I have been a Yankee fan ever since I discovered baseball. Babe Ruth? Mickey Mantle? I wanted to root for THAT team. Even when I turned nine and realized they were no longer on the current roster, I stayed hooked. Despite the team’s persistent mediocrity during my 1980s childhood, I remained steadfast. Despite family apathy (e.g, “What do you want for your birthday?” “I wanna go to a Yankee game!” “What ELSE do you want for your birthday?”), despite spending so many years living in the American League West, despite the challenge of studying in Boston, where my Red Sox fan classmates routinely harassed me for my baseball affections, I’ve stayed true to my team.
And yet my loyalty has never been as undermined as it was this past June, when I made a pilgrimage to the venerable old Yankee Stadium to see my last game there — and was so disgusted by how the team treated its fans as to refuse to return to any Yankee Stadium unless and until things change.
The indignities are first encountered at the entrance gates. Immediately after September 11 stadiums across the country immediately invoked lots of onerous restrictions on attendees. Bags might be ok, but not backpacks. Perhaps in the immediate wake of the attacks that kind of overreaction might be forgiven, as we came to terms with what had happened and what our future risk might be. But security theater is security theater — pointless exercises of invasive authority with no actual correlation to any significant amelioration of risk. Fortunately many venues have since backed off from the most extreme and pointless interdictions. But not the Yankees.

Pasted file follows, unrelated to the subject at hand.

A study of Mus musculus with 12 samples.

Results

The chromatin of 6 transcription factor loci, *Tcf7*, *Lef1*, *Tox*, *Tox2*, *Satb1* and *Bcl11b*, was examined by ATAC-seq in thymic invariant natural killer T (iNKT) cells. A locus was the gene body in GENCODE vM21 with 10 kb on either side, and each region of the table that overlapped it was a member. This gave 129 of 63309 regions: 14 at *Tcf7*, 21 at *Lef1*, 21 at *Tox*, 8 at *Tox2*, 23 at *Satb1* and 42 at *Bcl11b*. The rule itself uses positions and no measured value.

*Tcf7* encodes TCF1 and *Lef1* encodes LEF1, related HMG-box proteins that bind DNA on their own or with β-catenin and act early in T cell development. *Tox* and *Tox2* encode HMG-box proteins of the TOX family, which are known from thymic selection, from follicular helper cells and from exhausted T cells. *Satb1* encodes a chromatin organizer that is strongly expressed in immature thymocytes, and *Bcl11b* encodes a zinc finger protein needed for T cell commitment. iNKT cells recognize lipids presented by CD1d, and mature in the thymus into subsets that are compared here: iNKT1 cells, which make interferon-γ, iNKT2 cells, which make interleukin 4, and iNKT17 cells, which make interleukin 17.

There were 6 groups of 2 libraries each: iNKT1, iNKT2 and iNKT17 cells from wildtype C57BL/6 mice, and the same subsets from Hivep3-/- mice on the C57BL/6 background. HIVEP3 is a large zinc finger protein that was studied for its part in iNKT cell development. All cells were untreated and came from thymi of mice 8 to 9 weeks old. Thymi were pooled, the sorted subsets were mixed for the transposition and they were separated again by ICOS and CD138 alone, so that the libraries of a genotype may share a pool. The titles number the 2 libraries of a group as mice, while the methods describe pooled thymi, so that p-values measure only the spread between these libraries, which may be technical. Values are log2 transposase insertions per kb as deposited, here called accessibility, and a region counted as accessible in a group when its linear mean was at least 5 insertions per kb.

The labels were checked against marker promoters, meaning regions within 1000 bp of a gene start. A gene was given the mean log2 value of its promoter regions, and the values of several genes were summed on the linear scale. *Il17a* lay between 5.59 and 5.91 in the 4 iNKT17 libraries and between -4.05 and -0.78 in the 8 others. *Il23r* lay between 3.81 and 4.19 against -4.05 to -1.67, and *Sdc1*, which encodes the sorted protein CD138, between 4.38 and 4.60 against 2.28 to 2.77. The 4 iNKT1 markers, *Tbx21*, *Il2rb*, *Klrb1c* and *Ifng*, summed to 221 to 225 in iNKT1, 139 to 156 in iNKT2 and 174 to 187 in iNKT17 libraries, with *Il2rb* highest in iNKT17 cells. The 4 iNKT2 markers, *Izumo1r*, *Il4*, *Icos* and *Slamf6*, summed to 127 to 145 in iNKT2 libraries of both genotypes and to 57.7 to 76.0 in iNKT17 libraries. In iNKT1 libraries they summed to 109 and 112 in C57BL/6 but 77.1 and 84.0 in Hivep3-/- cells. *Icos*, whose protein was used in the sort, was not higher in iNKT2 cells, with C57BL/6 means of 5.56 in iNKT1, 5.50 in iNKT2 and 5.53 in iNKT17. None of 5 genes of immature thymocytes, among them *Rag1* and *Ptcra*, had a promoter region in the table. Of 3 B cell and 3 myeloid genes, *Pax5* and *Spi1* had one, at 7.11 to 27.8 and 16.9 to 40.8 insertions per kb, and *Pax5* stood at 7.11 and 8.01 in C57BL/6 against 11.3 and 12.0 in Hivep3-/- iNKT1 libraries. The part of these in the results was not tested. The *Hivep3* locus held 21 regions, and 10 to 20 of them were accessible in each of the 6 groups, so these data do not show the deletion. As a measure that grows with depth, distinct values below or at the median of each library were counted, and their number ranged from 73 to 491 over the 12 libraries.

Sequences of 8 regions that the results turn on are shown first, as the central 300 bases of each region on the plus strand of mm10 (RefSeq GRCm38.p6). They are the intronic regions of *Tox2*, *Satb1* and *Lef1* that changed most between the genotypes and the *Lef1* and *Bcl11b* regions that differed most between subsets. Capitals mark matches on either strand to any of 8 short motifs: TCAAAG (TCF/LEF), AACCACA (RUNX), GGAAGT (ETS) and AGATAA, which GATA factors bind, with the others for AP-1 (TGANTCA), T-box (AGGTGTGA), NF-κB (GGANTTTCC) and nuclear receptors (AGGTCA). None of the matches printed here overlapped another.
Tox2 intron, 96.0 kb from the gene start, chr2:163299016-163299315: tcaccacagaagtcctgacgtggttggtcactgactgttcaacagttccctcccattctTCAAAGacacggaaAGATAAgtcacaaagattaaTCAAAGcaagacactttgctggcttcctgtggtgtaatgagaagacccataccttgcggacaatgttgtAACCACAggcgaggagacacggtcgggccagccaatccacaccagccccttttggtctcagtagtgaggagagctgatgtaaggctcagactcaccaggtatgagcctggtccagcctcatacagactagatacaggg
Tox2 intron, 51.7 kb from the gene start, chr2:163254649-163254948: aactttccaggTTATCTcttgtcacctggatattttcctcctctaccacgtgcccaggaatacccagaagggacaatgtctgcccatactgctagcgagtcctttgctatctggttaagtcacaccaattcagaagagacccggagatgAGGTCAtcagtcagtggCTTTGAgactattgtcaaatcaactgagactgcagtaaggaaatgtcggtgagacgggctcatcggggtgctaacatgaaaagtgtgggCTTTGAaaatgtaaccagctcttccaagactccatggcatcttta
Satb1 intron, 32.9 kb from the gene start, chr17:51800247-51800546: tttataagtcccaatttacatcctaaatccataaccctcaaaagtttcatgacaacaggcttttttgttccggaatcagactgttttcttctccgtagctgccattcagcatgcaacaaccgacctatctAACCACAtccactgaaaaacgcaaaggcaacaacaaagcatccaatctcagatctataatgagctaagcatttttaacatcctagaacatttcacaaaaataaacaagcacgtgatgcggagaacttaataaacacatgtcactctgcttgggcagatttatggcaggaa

While other stadiums have adapted to restrictions that more obviously bear on fans’ ability to enjoy the event (e.g., banning overly bulky bags but not all bags and backpacks altogether, or forbidding specific objects — like projectile-size fruit — that fans have been known to cause trouble with) the Yankees’ restrictions are calculated to have the most deleterious effect on fans’ enjoyment as possible.
All bags, at least those large enough to be of any utility, are banned. (Moreover, they’re banned arbitrarily. My friend was able to bring in her tiny handbag, while I was prohibited from bringing in my even smaller one because it didn’t look enough like a purse.) Sunscreen, another necessary item for a day out in the sun, has also been banned for no apparent reason other than to allow the Yankees to sell it for a premium inside the turnstiles.
Then, on top of all the inconvenience and invasiveness of these so-called “security” measures, there’s also the unlawful imprisonment when the Yankees prohibit their patrons’ movement during certain periods of the game. At the game I went to I saw them throw up chains across the aisles during the Seventh Inning Stretch to prevent people from moving about — you know, actually stretching — and now comes reports of the assault and expulsion of people who dared to anyway.
As a Yankee fan I’m familiar with the frequent grumbling by fans of other teams that the Yankees are some sort of an evil empire taking over baseball. I’ve shrugged it off because they were always my hometown team. It’s not anyone’s fault that it just happened to be a very large and lucrative hometown.
And, of course, as a fan of the *team* I’ve often not been a fan of the Yankees’ upper-management and its frequently team-destroying behavior.
But what the Yankees management is doing now goes way beyond bad team management. It’s an assault on its fans and the public, which is quite ironic given the way it tries to position itself as “America’s Team.” In the wake of 9/11 the country tuned into Yankee games as a tangible sign of New York’s triumph over terror, and joined in the singing of “God Bless America” at them as an exaltation of America’s healing. Yet now, years later, the song has become permanently installed at Yankee Stadium as mandatory dogma one must stand reverentially for, despite such a rule being completely anathema to the freedom America supposedly stands for.
Despite my long-standing love of the team, I love my freedom even more, and I will not subject myself further to the Yankees’ gratuitous abuse of it. I encourage everyone else, Yankee fan or not, to refuse to let them do the same to you too.